The Golden Age of Choice and Cannibalization in TV http://tinyurl.com/29h5dov My third GigOm referal today!
Mike Hudack, CEO of Blip.tv writes as guest blogger at GigOm about how audiences are fragmenting and where the opportunities lie. It’s a little long but it’s worth reading in its entirety.
Other than live event programming like the Super Bowl, however, the days of a single television show pulling in the vast majority of American TV households are over. The broadcast networks are long past their peak. Their audience — in absolute numbers, not relative numbers — has been shrinking since the early 1980s.
and much later
People often say that the web video industry will not come into its own until it creates a hit. This thought is, quite frankly, wrong. The cable TV industry has clearly come into its own. And it’s done this without producing a single hit on the order of a network TV success. Yes, the network television business is meaningful, but it no longer produces the hits it did just a few years ago. This year’s slate of network series premieres was the first to pass without a clearly defined “hit” show. That’s no accident. The networks are lost.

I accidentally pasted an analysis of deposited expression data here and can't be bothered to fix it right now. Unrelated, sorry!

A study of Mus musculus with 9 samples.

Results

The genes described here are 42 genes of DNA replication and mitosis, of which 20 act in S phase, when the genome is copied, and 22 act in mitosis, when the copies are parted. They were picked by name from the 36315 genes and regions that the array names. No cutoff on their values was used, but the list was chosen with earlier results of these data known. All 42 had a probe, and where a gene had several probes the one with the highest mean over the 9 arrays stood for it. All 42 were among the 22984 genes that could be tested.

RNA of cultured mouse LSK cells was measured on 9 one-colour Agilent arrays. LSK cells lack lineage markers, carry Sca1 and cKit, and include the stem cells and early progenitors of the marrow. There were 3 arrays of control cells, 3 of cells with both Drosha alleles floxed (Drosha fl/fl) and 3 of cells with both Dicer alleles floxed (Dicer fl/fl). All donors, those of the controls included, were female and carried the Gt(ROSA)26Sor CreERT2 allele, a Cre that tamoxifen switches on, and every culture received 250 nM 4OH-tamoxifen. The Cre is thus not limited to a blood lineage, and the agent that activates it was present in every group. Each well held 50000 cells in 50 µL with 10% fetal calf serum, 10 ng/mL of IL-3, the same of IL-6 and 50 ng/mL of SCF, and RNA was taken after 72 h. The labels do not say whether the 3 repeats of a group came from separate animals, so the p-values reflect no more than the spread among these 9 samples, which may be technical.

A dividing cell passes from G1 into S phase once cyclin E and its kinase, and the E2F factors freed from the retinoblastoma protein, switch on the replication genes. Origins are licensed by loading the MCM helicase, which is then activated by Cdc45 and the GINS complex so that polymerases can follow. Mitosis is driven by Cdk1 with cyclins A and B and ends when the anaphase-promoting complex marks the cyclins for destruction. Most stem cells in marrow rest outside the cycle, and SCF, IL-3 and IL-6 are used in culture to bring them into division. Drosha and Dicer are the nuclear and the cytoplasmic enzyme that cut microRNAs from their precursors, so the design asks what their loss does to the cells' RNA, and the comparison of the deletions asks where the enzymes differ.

Media naturally trends towards fragmentation. As capacity increases so does choice. As choice increases audiences fragment. When given a choice people generally prefer media that speaks to them as individuals over media that speaks to the “masses.” While American Idol remains strong, the trend is clear. Americans have been abandoning broadcast television in favor of cable’s niche shows for thirty years.
For me the key takeaway is that it took Cable 20-30 years to dominate over broadcast, so it’s unreasonable to think that the distribution (and therefore democratization) revolution of the Internet is going to happen in just a couple of years? It might, but I think it’s safer to assume that long term “Internet TV” will be dominant. Broadcast Networks might still be relevant for sports and other live events, while cable’s best bet is to become an intelligent network provider. (Yes, I am saying that in the world of IP-based distribution why do we need someone else negotiating for “channels” that we may watch, when we can go direct to the source of the programming and watch it there.)
This will be a great opportunity for Producers who understand how to make a direct connection with their audiences and can package up the whole business and distribution package themselves. There’s got to be more profit (or overall lower budgets) if we remove one entire layer of distribution – the channel aggregators (TV networks, Cable networks, etc). Those Channels that focus on original programming will transition just nicely I imagine (restrictive legacy contracts not withstanding).